Your Brain is Being Starved by Dull Architecture

architecture, boring, Brain, Starving

The construction industry, according to acclaimed designer Thomas Heatherwick, is in a state of crisis. He believes that buildings have become increasingly boring, lacking creativity, and aesthetic appeal. Heatherwick, known for his iconic designs such as London’s Routemaster bus and Google’s Bay View, argues that buildings today are too flat, too plain, too straight, too shiny, too monotonous, too anonymous, and too serious. He questions what has happened to architecture and urban spaces that have led to this overwhelming boredom.

Heatherwick goes further to argue that this boredom is not merely a nuisance but can also be harmful. He compares it to a state of psychological deprivation, where the brain suffers when deprived of sensory information. Boredom is described as the “starvation of the mind.” To support his argument, Heatherwick references the research of cognitive neuroscientist Colin Ellard. Ellard’s experiments have shown that people’s moods are significantly affected when surrounded by uninteresting, tall buildings. Heatherwick suggests that when people encounter boring buildings, their bodies go into a fight-or-flight mode, lacking anything for the mind to connect to.

The designer believes that the brain craves complexity and fascination, drawing parallels to the restorative power of nature. Psychological research conducted by Rachel and Stephen Kaplan in the 1980s supports this idea. According to Attention Restoration Theory, people’s concentration improves when they spend time in natural environments. Heatherwick emphasizes the need for buildings to provide complexity and captivate the mind, challenging the notion that less is more. Architects, in their pursuit of prioritizing internal spaces, have neglected the importance of the building’s exterior appearance. Heatherwick reminds us that buildings are the backdrop of society’s life, influencing how people feel and contributing to their overall experience.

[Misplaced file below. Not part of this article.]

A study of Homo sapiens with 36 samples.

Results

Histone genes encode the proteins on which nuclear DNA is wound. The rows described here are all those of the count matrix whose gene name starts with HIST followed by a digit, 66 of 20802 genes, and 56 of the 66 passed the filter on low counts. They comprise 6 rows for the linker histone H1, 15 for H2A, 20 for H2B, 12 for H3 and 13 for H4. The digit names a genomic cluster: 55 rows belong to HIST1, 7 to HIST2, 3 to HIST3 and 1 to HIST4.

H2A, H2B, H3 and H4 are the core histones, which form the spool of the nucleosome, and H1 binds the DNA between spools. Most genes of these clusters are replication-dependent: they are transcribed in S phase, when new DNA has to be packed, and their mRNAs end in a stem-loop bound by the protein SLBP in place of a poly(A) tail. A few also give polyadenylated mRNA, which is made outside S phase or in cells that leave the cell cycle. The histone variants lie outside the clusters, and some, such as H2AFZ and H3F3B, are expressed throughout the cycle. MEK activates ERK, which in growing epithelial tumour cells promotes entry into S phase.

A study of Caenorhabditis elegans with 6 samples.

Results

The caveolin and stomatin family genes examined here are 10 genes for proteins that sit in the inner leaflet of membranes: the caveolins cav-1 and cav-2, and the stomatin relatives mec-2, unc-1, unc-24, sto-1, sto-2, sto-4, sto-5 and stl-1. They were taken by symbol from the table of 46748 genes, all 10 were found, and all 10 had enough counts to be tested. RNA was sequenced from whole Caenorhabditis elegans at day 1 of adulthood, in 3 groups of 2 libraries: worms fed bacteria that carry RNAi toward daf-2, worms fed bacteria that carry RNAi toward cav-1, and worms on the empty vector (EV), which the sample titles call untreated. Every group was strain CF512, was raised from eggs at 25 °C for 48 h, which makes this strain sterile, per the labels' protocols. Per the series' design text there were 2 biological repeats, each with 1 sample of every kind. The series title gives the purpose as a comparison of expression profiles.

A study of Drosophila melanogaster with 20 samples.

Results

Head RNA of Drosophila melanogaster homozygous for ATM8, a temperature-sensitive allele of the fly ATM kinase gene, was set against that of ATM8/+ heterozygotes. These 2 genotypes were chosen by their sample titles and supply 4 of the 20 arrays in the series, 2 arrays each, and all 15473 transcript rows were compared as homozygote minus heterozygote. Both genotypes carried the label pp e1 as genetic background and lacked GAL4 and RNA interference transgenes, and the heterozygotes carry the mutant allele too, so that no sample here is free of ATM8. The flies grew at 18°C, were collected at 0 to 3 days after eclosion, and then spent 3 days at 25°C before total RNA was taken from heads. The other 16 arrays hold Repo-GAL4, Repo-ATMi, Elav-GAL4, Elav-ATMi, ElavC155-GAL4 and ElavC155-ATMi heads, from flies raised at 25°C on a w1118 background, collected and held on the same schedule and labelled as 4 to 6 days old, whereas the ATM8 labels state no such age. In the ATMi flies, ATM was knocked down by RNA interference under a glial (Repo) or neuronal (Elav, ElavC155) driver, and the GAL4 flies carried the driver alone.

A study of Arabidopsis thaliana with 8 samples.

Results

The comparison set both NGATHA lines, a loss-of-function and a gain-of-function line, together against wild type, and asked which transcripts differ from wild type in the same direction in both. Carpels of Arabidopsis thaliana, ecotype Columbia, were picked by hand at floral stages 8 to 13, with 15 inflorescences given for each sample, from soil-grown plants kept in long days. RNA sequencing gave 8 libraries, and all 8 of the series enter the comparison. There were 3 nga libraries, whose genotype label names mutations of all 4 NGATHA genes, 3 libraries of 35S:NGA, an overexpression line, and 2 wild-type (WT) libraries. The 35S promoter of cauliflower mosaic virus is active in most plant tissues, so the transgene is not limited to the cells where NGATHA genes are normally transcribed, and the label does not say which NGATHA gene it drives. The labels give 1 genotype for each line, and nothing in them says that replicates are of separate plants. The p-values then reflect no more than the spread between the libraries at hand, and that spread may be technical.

However, Heatherwick points out the short-term thinking prevalent in the construction industry, where the public’s opinion is often disregarded. He recalls a debate among industry elites, in which they voted that the public’s opinion did not matter. This disregard for public sentiment has led to what he calls the “dirty secret of the construction industry”: its disastrous environmental impact. Heatherwick highlights the staggering number of buildings demolished each year, resulting in excessive carbon emissions. He argues for a shift towards “thousand-year thinking,” where buildings are built to last and take into account their long-term environmental impact.

The prevailing mindset in the construction industry, according to Heatherwick, is that form follows function, less is more, and ornament is a crime. However, he believes that emotions should also be considered a function and celebrated in the world of construction. The construction industry must adopt a more holistic approach, considering not only the practical aspects of a building but also its emotional impact on the people who inhabit its space.

In conclusion, Thomas Heatherwick raises valid concerns about the state of the construction industry. He argues that the prevalence of boring buildings is detrimental to society, leading to psychological deprivation and negative emotional responses. Architects need to prioritize the external aesthetics of buildings, considering their impact on the public’s experience and well-being. Additionally, the construction industry must shift towards long-term thinking, recognizing the environmental consequences of its actions and aiming for sustainability. By embracing complexity, fascination, and emotional resonance, the industry can create urban spaces that both captivate and nourish the human mind.